What is The American dream? Is it STILL to graduate from a prominent college? Then next it’s landing your dream job at a Fortune 500 company. Now you are working until you save up enough for retirement. Ahh –– the good life.
Often when we talk about coming from the bottom we are referring to the lower-income neighborhoods throughout the country. There are four routes accessible to those dwelling in these types of communities. The basics of making it out rely heavily on the drug game, sports, music or education. Those are the only options.
Nip spoke about the inspiration behind the song during an interview with NPR saying,
“I remember being 19. I had reached all my adolescent goals. It was 10 years, 15 years ago almost. I had touched two bricks for the first time, and I felt myself getting pulled into a direction. Once you cross these invisible lines, it’s hard to go back. So I felt myself make a decision: ‘What you gonna do, homie?’”
If you can understand what each base entails then you’ve truly mastered your environment. Which base is first? Perhaps its most common in our country to hold education on a higher pedestal in comparison to anything.
But what if you’re from a gang-infested environment? 24/7 all you are hearing are gunshots and sirens. Around you, there are drug dealers and drug addicts. Your mother is working three jobs to put food on the table and the clothes on your back.
She’s never around so you’re on your own. Your father is either in and out of jail, dead or has left your life completely. Survival sets in and the last thing on your mind is homework. It’s trying to find a way to support not only yourself but your mother too.
“I had given up on music because I went broke so many times trying to do music when I was a teenager. I wasn’t one of them types; I wanted to have money. I’d felt what it feels like to be independent and celebrated in my area — even on such a shallow level. “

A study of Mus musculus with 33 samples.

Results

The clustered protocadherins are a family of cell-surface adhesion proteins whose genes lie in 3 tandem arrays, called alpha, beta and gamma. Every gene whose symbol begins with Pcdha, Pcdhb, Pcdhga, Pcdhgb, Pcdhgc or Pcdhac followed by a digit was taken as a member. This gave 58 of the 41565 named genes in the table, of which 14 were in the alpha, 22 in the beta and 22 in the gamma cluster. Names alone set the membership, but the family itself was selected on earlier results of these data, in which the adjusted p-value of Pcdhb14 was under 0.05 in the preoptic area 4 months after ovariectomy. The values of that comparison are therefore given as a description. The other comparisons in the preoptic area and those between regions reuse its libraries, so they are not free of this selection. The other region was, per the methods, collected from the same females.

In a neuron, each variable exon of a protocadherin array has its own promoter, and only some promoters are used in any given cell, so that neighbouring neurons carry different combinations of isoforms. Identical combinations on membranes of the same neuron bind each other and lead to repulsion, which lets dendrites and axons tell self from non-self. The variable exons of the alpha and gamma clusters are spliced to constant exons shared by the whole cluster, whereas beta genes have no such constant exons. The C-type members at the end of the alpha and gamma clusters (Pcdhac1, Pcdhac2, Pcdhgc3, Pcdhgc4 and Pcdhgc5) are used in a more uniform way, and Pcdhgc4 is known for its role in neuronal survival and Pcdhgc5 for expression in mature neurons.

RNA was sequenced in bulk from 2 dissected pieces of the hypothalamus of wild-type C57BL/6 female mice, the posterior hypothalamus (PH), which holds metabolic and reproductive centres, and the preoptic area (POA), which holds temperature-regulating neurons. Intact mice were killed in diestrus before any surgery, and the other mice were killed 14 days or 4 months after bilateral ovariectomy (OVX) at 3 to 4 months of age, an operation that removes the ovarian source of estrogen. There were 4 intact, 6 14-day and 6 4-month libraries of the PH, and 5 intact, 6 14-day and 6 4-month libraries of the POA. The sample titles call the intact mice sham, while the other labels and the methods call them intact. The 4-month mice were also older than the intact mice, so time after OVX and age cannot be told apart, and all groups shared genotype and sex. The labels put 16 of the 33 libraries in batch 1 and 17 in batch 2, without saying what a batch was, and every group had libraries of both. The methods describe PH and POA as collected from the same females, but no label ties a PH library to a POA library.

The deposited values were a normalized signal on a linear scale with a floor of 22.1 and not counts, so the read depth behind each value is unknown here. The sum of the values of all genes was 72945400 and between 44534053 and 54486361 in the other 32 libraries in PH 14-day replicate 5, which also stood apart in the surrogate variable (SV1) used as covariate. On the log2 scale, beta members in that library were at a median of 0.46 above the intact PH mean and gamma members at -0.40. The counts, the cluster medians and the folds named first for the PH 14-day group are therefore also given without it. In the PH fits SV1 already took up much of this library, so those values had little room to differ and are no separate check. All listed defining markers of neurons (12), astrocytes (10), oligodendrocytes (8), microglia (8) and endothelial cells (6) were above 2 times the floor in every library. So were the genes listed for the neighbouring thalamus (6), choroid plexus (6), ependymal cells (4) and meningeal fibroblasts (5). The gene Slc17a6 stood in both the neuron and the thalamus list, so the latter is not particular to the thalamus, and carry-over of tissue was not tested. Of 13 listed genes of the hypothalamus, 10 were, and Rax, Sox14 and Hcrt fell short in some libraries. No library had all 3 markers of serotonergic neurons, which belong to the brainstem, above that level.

Neighborhood Nip is the voice for those who don’t have a platform, but it wasn’t always so. Like many of us coming up in the world, Nipsey Hussle had to survive the harsh realities we as a collective fear.
After being lead down the wrong path to a life of crime, he weighed the scales of his former lifestyle and saw that it wasn’t worth the reward in the end.
During his interview with NPR, Nip continued,
“I’m looking at Jay-Z, Puffy, Master P — these guys have a $100 million. And it’s a marathon; it’s a long haul. But I don’t know a man hustling that made a hundred mill. I know n***** that made it to $1 million, $10, maybe five. But none of them avoided the Feds. All of them got told on. They were the man for five summers and they gave the state or the Feds 20 summers.”
Many put into this predicament are faced with two choices; either succumb to the streets or rise above the illusion of the streets. When Nip decided to leave the drug game it was the best decision of his life. Putting all of his energy toward his music has put Nipsey Hussle in the position that he is in now to continue to prosper.
Nip doesn’t have a college degree, nor has he ever played a down of professional sports. Like many of us, Hussle didn’t have the same opportunities during his marathon contrary to those who come from privilege. Even after becoming a full fledge Crip, he realized he had a choice.
Although coming up it seemed as if his only options were to do music or sell drugs, he went back to his passion for music.
His time in the streets prepared him for what was to come after the music took off. Now being street smart, self-educated, musically gifted and engrained in sports, his bases are loaded.
“Loaded Bases” is a powerful song. It explains that no matter how deep you get into one path, it’s never too late to redirect where you want to go. Don’t ever let someone tell you can’t do something just because they are in the same situation as you.
Weigh the scales of all your options and see which lane benefits you the most. When it all comes full circle then when you know you’re on your own Victory Lap.